Rumors of a flexible Samsung device have been swirling for some time, but concrete evidence emerged on Monday. The U.S. Patent and Trademark Office granted the Seoul, a South Korea-based patent that describes a device with a foldable display, a mechanical hinge in the middle, and a screen that folds inwards.

The patent, titled “Electronic Device with Flexible Display,” was filed by Samsung on June 9, 2015.

As far back as March 2015, Samsung was rumored to have been working on a curved smartphone with a bendable display. An official from the company’s Samsung Display division told Business Korea that commercialization of foldable smartphones “would be possible” in 2016.


The most recent rumors suggest a smartphone that folds out into a 7-inch tablet, likely with an OLED screen. Last year at the SDI conference in San Francisco, Samsung showed a flexible 5.7-inch, 1080p display that could roll up like a scroll.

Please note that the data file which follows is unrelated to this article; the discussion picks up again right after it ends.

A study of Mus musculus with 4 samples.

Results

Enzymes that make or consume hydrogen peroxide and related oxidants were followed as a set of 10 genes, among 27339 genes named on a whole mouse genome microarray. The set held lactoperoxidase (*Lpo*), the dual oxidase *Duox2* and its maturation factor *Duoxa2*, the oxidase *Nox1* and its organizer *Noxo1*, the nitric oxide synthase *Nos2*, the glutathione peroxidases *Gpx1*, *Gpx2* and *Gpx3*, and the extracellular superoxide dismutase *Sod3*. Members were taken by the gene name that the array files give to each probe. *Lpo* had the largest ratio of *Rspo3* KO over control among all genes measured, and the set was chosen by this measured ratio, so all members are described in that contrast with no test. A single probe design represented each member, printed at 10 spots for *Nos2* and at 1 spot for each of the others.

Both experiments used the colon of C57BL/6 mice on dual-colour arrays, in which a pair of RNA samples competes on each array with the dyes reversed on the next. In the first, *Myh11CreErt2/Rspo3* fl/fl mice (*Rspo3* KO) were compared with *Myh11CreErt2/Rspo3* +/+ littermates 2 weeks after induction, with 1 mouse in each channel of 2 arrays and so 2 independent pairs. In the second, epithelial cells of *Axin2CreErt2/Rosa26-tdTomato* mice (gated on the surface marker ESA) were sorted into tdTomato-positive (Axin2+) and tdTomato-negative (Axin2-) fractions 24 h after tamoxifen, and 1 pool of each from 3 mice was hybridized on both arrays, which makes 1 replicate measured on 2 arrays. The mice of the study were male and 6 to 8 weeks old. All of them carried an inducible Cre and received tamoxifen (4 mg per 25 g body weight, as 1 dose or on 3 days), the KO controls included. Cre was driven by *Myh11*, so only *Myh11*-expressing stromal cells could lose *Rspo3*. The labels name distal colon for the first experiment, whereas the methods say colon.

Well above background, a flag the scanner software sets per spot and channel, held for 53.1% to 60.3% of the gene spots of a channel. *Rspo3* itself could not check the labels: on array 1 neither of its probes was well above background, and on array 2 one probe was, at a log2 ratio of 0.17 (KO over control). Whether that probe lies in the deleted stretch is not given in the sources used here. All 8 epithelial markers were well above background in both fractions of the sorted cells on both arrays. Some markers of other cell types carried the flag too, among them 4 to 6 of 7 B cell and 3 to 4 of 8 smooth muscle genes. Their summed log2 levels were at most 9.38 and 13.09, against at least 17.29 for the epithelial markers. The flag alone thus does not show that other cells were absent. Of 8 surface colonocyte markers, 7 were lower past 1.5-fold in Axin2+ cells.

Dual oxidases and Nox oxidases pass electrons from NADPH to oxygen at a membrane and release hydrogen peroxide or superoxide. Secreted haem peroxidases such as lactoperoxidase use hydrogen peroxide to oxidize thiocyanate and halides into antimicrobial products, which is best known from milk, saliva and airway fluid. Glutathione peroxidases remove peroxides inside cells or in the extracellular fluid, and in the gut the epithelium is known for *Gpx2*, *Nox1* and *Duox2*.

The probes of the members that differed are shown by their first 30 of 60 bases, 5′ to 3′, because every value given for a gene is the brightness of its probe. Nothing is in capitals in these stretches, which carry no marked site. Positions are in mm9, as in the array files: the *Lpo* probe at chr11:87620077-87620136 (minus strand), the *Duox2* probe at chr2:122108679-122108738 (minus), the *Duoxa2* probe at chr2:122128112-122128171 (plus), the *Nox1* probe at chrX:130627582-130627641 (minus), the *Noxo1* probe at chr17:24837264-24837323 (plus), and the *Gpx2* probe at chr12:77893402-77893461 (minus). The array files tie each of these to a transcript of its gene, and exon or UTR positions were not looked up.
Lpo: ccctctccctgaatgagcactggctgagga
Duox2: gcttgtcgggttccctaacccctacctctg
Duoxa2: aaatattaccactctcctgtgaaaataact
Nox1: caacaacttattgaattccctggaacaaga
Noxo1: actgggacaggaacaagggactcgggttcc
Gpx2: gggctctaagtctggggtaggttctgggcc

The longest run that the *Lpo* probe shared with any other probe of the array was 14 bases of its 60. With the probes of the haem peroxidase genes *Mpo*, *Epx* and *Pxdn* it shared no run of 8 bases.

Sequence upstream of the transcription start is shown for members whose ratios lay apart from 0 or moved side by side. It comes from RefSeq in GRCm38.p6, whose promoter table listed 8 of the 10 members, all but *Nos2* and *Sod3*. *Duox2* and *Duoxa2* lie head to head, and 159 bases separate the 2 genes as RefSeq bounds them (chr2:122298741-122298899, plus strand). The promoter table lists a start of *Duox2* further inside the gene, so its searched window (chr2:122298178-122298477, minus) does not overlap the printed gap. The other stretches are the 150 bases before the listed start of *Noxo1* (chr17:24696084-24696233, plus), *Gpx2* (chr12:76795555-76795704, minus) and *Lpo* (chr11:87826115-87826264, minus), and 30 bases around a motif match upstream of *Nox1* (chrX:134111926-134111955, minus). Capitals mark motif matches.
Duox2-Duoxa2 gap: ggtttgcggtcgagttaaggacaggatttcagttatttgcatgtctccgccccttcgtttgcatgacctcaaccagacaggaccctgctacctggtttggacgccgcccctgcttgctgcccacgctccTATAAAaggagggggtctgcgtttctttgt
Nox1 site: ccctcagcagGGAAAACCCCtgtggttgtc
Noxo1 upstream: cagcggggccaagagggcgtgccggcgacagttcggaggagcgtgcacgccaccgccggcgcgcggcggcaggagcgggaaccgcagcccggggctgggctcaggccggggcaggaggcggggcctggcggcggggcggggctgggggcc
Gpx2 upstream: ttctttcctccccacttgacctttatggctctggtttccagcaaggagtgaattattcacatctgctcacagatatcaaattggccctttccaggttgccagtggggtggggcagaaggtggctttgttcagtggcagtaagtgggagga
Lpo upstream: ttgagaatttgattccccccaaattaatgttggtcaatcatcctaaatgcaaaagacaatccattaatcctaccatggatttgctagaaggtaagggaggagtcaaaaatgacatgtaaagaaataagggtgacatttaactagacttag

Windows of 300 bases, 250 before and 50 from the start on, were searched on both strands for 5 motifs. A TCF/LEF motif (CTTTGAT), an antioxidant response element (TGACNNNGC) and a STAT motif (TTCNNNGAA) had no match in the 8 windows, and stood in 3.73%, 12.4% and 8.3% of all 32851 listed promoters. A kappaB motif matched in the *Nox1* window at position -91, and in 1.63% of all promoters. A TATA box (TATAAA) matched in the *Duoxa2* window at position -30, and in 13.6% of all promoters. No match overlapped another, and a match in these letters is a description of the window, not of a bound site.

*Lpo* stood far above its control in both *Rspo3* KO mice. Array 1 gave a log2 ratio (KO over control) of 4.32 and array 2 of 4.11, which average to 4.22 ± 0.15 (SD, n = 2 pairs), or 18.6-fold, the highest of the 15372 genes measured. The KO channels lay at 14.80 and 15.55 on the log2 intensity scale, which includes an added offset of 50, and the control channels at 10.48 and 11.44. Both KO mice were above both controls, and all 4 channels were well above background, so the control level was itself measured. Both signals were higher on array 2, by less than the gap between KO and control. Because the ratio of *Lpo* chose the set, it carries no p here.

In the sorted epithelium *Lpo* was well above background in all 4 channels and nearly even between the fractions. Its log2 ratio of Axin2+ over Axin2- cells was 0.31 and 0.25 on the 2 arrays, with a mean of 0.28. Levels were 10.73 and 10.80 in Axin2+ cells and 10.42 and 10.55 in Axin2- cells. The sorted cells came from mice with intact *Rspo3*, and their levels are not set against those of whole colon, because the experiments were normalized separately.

Samsung is wary of releasing a device that’s both expensive to produce and expensive to sell, according to the Korea Herald. It might decide to produce a foldable tablet to judge market reaction, as such a device would be easier and cheaper to produce.


But it will take time to ramp up production. “The development of display technology that creates a virtual space on glass is already completed, and even a promotional prototype is available,” an LG official told the Korea Herald in 2015. “However, it will take time until the product becomes commercialized due to mass production according to demand and supply.”

Even Microsoft is exploring the idea of a transforming smartphone. In January, the company filed a patent for flexible devices with dual and triple hinges and a variety of screen sizes.